Ottawa is looking at spending hundreds of millions more to create additional child-care spaces in a move to secure Ontario’s signature on the federal government’s national program, the Star has learned.
The money would be provided under a separate infrastructure fund, possibly spread over a number of years, pegged to the creation of thousands of spaces, and offered to all provinces based on their share of the population under age 12, according to sources in Ottawa and at Queen’s Park.
A top Ontario government official said Prime Minister Justin Trudeau’s sweetener in infrastructure funding for new daycare spots across Canada would be a “game changer.”
“If (Premier Doug Ford) had signed on two months ago that money wouldn’t be there,” said the official who spoke confidentially in order to discuss internal deliberations.
“Now that’s separate from the child-care deal so Ottawa can still say it’s $10.2 billion” for Ontario, the official said.
While it would be separate from the child care funding program, Ontario’s 38 per cent share of the additional infrastructure money allays concern at Queen’s Park.
Canada’s most populous province has been the lone holdout after the other 12 provinces and territories signed on to the $27-billion plan that was first unveiled last April. Additional funding to build child care in Indigenous communities brings the total initially committed over five years to $30 billion.
Ford has said “it’s so important to make sure that we have affordable child care for all families right across Ontario,” but that any funding arrangement must be sustainable for the long haul.
“We’re on track” to reach a deal, likely next week, a senior federal official, who was not authorized to speak publicly, said Wednesday.
“A one-off infrastructure fund could be part of this agreement. It could be spread over a couple of years — it’s just not landed yet,” the Ottawa insider said.
Senior provincial officials are enthusiastic about the pending accord, which comes in the lead-up to the June 2 election.
“This will cut child-care fees in half in the first year and get us to $10-a-day in year four,” said a second high-ranking Ontario insider, who also could not speak for attribution.
“It means real $10-a-day child care is attainable and sustainable for the long term,” the insider said.
The two sides have negotiated an agreement to set up an early review to determine how well the program is working as of the third year, which “means the feds will have to stay engaged and can’t just wash their hands after the five years are up and leave the province footing the bill,” the source said.
“It’s a longer term commitment.”
A federal source, however, said there is no doubt about Ottawa’s commitment for the long term, with future funding booked as part of its fiscal plan.
However, a second federal official, speaking on a background-only basis, insisted it was “premature” to announce the new child care infrastructure fund.
“There is no commitment today … to provide that funding,” the official said.
Sources close to Ford said the premier has worked closely with Trudeau and Finance Minister Chrystia Freeland, who is also deputy prime minister, to get to a deal.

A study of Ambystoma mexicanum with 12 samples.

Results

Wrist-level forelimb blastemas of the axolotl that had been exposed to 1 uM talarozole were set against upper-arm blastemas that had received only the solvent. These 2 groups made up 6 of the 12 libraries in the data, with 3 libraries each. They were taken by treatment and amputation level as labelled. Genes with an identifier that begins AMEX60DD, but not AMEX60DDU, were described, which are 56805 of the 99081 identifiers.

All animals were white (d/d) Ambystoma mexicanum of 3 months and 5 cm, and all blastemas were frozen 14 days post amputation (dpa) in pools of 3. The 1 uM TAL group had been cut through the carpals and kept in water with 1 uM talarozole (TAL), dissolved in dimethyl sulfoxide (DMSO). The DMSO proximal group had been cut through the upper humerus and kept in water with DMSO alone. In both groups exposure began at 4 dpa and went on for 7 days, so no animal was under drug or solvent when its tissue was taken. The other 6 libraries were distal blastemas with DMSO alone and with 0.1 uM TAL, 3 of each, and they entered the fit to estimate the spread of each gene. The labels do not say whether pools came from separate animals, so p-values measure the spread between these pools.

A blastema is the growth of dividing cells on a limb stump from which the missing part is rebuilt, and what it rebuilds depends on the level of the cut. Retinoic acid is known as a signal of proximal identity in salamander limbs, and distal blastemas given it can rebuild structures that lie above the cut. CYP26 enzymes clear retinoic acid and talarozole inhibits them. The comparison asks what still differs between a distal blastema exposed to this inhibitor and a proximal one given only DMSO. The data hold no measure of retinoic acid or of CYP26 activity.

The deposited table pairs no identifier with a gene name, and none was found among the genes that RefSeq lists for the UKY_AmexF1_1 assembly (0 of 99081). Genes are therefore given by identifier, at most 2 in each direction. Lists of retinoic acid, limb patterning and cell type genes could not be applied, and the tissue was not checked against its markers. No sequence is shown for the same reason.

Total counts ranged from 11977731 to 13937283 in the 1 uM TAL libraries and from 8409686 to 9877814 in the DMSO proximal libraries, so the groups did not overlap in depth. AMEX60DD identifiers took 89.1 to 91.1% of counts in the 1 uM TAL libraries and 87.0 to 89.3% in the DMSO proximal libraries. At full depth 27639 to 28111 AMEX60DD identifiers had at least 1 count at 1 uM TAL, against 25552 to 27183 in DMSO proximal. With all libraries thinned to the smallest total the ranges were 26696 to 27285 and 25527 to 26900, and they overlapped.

“Chrystia has been key. She and (the premier) have a great rapport and … really trust one another,” said the source, noting the two cooperated well throughout the COVID-19 pandemic and that has continued on other files.
“You know who else has been great? (Intergovernmental Affairs Minister) Dominic LeBlanc. He is very effective in working with the provinces,” the Tory insider added.
“That’s what the people want — they want politicians working together to get stuff done, not backbiting all the time.”
In a deal struck with the NDP to ensure his minority government survives until 2025, Trudeau committed to introducing an Early Learning and Child Care Act by the end of 2022.
Liberal officials have told the Star that was always the plan, in order to make it more difficult for a future government to cancel the child care funding plan.
As part of the agreement’s pledge to make life “more affordable for people,” the NDP statement about its deal with the Liberals said the new act would ensure that “child-care agreements have long-term protected funding that prioritizes non-profit and public spaces, to deliver high quality, affordable child care opportunities for families.”
Last April, Freeland’s first federal budget committed $30 billion over five years for the Liberals’ “pan-Canadian” child-care framework.
The program is pegged to reach $8.3 billion a year, nationally, on a permanent basis “to build a high-quality, affordable and accessible early learning and child care system across Canada.
Ontario’s share of that funding in the fifth year of the program is projected to be $2.9 billion.
A review in the third year will allow federal and provincial officials to look at data on the program’s uptake and impact, and whether the $2.9 billion is sufficient for years down the road.
The program requires provinces outside of Quebec, which already had a public daycare program, to cut in half the average fees for regulated daycare spaces by the end of this year. Several provinces which signed on earlier than Ontario have already begun to deliver rebates to parents.
The goal was to put in place $10-a-day daycare across Canada by the fifth year.
When she tabled the budget last year, Freeland said her goal was to increase the number of parents, especially women, entering the workforce.
She pitched it as an economic growth plan, saying the addition of 240,000 workers in the labour force that could arise from greater access to high quality daycare could raise real GDP by as much as 1.2 per cent over the next two decades.